Before Betty Ford, before Promises, before “rehab” was even a word, people suffered from addiction.
Alcohol, opium, cocaine, heroin, none of these substances or the problems they create are new. In Cinemax’s early 20th century medical drama The Knick, Dr. John Thackery (Clive Owen) is looking for a definitive cure, with disastrous results.
Thackery has very personal reasons for his quest. At the beginning of season 2 of the series, he is just coming back from a stint in rehab himself and realizes that he is not cured.
Without admitting to his continuing addiction, he manages to convince the board of the hospital, The Knickerbocker, to allow him to build an “Inebriety Ward,” assuring them that the research will bring fame – and funding – to the hospital.
Pulling drunks and drug addicts off the street to fill the ward, he begins his experiments, hoping to find something that will help him as well as his patients. He also uses the corpses of addicts to look for a physical anomaly that might help him to explain the disease.
Finding nothing physical in the dead, he looks to the brains of the living, using a man who has suffered a head injury that exposed his brain to probe the organ to locate the centers of movement, pain, and pleasure. Once he finds the part of the brain that is now called the pleasure center, he operates to remove it, assuming that he has removed the source of addiction. Unfortunately, he leaves the patient in a vegetative state.
The patients themselves are no help, either, as one of them goes searching the hospital for a source of alcohol, ending up drinking embalming fluid, killing himself in the process.
Finding no answers in living or dead addicts, Thackery turns to the woman he loves to talk about his addiction, finding in the process that talking it out is the only thing that actually helps him. When he tells his only remaining inebriety patient about his own “cure,” the patient asks to speak to the woman, Abby, as well. Though she has no idea what she is doing, she does sit with the patient, and he also feels some improvement.
In the end, however, both Abby and Thackery are done in by drugs. Abby dies on the operating table from an interaction of the laudanum she was prescribed to help her sleep and the ether used to anesthetize her for surgery.
Thackery chooses to operate on himself to resect his intestine but gives in to his addiction just before surgery. He injects himself with heroin, and then proceeds to put on a show for his colleagues with his surgery. He makes a fatal mistake when cutting into the intestine , nicking an artery, and he bleeds to death in the operating theater as his horrified colleagues look on.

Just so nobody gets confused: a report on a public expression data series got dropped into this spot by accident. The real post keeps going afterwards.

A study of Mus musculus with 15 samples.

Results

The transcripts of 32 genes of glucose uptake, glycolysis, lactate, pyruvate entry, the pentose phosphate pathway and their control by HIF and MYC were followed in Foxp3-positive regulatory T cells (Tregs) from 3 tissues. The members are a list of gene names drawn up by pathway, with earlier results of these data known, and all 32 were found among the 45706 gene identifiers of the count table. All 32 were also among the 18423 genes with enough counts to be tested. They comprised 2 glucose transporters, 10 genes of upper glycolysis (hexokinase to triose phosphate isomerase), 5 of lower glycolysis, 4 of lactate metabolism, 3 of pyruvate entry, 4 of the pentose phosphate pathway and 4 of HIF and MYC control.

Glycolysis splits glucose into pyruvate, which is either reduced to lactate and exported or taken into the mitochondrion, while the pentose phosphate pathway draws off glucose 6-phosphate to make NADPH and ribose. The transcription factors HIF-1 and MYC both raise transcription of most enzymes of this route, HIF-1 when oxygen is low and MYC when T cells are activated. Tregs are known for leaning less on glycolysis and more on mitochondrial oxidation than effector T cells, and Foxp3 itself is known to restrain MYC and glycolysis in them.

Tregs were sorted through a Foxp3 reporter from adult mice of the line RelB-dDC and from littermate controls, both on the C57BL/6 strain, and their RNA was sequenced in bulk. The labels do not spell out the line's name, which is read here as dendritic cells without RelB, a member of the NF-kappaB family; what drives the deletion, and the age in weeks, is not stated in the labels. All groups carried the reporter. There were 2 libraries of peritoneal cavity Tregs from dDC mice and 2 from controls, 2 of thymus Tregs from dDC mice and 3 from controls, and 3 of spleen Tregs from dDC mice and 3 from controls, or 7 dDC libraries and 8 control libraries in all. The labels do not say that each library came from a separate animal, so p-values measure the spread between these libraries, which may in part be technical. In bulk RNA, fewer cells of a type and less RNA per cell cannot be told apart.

In the aftermath of Abby’s and Thackery’s deaths, Dr. Algernon Edwards, the lone black doctor at the Knick and one of Thackery’s closest colleagues, decides to carry on Thackery’s work with the remaining Inebriety ward patient, and the series closes on the patient telling Edwards about his dreams.
Although the story takes place in the early 1900s, The Knick feels remarkably fresh and contemporary. When Thackery first suggests that addiction is a disease, he is shot down by those on the hospital’s board, who believe fervently that addiction is a moral, not a medical problem, an argument that is still made in some circles today.
The program also illustrates the trial-and-error nature of medical research, and the lengths to which a forward-thinking physician may go to advance the search for answers to man’s illnesses. It was not unusual for doctors to test drugs and procedures on themselves or on the indigent. Yet, actions that seem beyond the pale in today’s society led to many of the advances and increased knowledge that today’s medical professionals rely upon.
In its initial two seasons, The Knick has tackled subjects such as corruption in politics, racism, abortion, scientific research, and, in this season particularly, addiction. The series has won awards for both its social analysis and its stellar production values. It has won a Primetime Emmy for production design, a Costume Designers Guild award, and the coveted Peabody Award, Now, it adds to its collection the 2016 Academy Honors.
Experience the touching moments with photo galleries and presentations/acceptance speeches from the Ninth Annual Television Academy Honors celebration.